Hat and mitten weather, changing seasons and changes in asthma symptoms.
I have been lucky enough to have been enjoying unseasonably warm weather for this time of year. Unfortunately, the cold stuff is nipping at my heals. We have had a few seasonal days which while expected, were less than welcomed by my lungs. I usually have my greatest seasonal challenges between summer and fall. I always forget that there are a few days of adjustment when heading to winter. Of course one of the most important things to remember is that it is now COLD outside and chilly temperatures can be triggers all on their own without any help from the usual triggers. Cold weather can cause constriction of the airways , which I can attest to, can be particularly problematic and in some cases dangerous to asthmatics.1 It is best to be prepared for the cold weather by having rescue medication hand or pre-medicating if that is part of your asthma action plan that you have developed with your doctor. We also need to dress appropriately for the weather and breathing through your nose can be beneficial. Your nose is its own humidifier, designed to specifically warm and humidify air.
Many people say that you can smell or feel fall and winter in the air. Some of that "smell' could be related to mold spores. Along with the chilly temps, wind and rain can cause real issues. Rain has the ability to catalyze and spread mold spores. Wind can blow around those increased mold spores and pollen. Thus, spreading the love of allergens and triggers back into your pathway. It is really easy to forget that pollens are still in the air and may not be dead, or have moved on to some other life form.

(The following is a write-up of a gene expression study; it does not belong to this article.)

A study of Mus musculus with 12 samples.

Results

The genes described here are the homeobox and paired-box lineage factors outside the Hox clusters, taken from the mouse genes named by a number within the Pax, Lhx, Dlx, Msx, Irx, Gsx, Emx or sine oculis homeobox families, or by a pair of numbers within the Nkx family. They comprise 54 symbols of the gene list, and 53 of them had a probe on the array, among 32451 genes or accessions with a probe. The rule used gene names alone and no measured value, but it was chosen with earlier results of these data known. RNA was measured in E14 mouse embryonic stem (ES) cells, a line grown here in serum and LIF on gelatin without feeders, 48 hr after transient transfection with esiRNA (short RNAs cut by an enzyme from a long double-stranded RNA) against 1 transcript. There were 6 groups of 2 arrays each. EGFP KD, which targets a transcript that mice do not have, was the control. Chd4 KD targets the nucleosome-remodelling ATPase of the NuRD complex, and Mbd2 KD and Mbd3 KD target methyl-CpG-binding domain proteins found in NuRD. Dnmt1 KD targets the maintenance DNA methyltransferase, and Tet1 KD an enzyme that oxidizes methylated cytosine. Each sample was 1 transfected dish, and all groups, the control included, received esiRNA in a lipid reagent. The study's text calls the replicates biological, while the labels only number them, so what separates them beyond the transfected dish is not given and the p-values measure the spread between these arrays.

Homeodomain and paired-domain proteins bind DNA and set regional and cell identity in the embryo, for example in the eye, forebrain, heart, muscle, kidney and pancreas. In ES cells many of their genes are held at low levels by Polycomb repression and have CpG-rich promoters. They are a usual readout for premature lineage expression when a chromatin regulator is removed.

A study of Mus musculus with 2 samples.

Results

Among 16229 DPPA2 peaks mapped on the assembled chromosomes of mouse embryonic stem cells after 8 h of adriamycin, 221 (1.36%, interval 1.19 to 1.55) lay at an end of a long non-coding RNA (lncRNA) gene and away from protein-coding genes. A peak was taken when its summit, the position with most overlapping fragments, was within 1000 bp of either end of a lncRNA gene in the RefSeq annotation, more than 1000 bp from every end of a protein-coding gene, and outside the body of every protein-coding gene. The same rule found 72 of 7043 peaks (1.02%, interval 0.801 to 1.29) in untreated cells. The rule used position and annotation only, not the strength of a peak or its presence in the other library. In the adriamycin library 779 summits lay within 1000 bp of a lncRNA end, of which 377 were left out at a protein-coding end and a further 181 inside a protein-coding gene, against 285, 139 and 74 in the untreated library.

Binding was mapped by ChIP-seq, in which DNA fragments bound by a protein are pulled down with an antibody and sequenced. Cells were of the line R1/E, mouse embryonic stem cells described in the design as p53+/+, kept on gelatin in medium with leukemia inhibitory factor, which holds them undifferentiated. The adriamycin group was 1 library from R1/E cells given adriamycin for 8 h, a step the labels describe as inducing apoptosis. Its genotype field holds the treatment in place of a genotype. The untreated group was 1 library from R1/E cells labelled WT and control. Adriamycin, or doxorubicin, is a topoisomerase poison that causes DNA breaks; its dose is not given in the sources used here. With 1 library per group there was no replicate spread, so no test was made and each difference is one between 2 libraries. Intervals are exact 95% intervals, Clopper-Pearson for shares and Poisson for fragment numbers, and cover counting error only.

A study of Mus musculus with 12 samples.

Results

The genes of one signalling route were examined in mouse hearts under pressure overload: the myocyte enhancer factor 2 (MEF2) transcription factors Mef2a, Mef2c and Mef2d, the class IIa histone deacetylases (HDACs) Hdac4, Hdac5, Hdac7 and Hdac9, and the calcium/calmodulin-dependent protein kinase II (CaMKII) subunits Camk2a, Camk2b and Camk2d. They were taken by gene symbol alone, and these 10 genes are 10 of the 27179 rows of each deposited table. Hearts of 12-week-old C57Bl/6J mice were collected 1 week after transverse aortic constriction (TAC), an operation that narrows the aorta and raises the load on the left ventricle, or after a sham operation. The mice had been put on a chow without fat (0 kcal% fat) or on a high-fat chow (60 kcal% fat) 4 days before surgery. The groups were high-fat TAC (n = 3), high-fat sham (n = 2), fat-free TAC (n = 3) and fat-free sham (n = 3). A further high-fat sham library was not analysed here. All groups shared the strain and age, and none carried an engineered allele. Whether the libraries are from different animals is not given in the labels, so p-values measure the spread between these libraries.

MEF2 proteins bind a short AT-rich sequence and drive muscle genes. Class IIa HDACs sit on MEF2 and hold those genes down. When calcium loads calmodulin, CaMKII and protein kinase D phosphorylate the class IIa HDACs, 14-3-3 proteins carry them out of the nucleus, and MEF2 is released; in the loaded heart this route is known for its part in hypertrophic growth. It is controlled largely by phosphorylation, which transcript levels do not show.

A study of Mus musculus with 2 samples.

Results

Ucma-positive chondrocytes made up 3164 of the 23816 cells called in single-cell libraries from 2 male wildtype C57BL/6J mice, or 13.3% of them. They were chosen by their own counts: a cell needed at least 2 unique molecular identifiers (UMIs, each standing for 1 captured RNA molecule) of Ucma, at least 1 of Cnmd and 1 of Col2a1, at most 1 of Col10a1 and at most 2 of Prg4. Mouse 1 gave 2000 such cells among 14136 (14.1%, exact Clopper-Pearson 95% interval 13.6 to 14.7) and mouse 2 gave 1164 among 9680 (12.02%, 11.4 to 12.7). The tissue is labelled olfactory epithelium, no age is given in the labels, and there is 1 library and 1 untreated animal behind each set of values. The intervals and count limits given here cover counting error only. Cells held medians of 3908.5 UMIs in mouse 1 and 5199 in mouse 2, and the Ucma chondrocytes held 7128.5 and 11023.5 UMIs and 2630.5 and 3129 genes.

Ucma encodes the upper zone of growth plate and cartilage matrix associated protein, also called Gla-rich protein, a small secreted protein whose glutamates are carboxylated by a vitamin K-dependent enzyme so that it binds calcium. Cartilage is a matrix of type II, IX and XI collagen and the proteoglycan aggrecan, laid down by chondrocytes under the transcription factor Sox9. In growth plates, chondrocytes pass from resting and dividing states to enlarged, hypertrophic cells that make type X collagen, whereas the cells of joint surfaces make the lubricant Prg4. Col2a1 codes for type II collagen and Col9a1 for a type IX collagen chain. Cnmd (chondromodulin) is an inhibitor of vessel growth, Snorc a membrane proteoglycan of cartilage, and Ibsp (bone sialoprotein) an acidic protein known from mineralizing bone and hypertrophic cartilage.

Whether you love the smell of changing seasons or if they give you a headache. We often just have to embrace the season that is next on the horizon. Speaking of headaches, I often get a headache during season changes, especially when there are sudden and drastic temperatures. For example, when the temperature drop almost significant from short weather to winter coat weather. I noticed a recent trend that is likely or at least highly suspected by my doctor that there is the possibility that changes in air pressure and barometric pressure, may have been triggering or are at least moderately related to triggering sinus situations and sinusitis. If you add the sinus situation, to the increase respiratory symptoms and for me, a pesky cough that tends to apart during weather changes. You have the making for a pathway to what I like to call a "Respiratory Situation" essentially increased symptoms which can skirt the definition go full-blown exacerbation.
If I had any recommendations, it would be to keep a keen eye on changing symptoms (I am sure you all do) but sometimes we need a reminder that symptoms may not be normal and there could be external factors affecting us, like good old mother nature.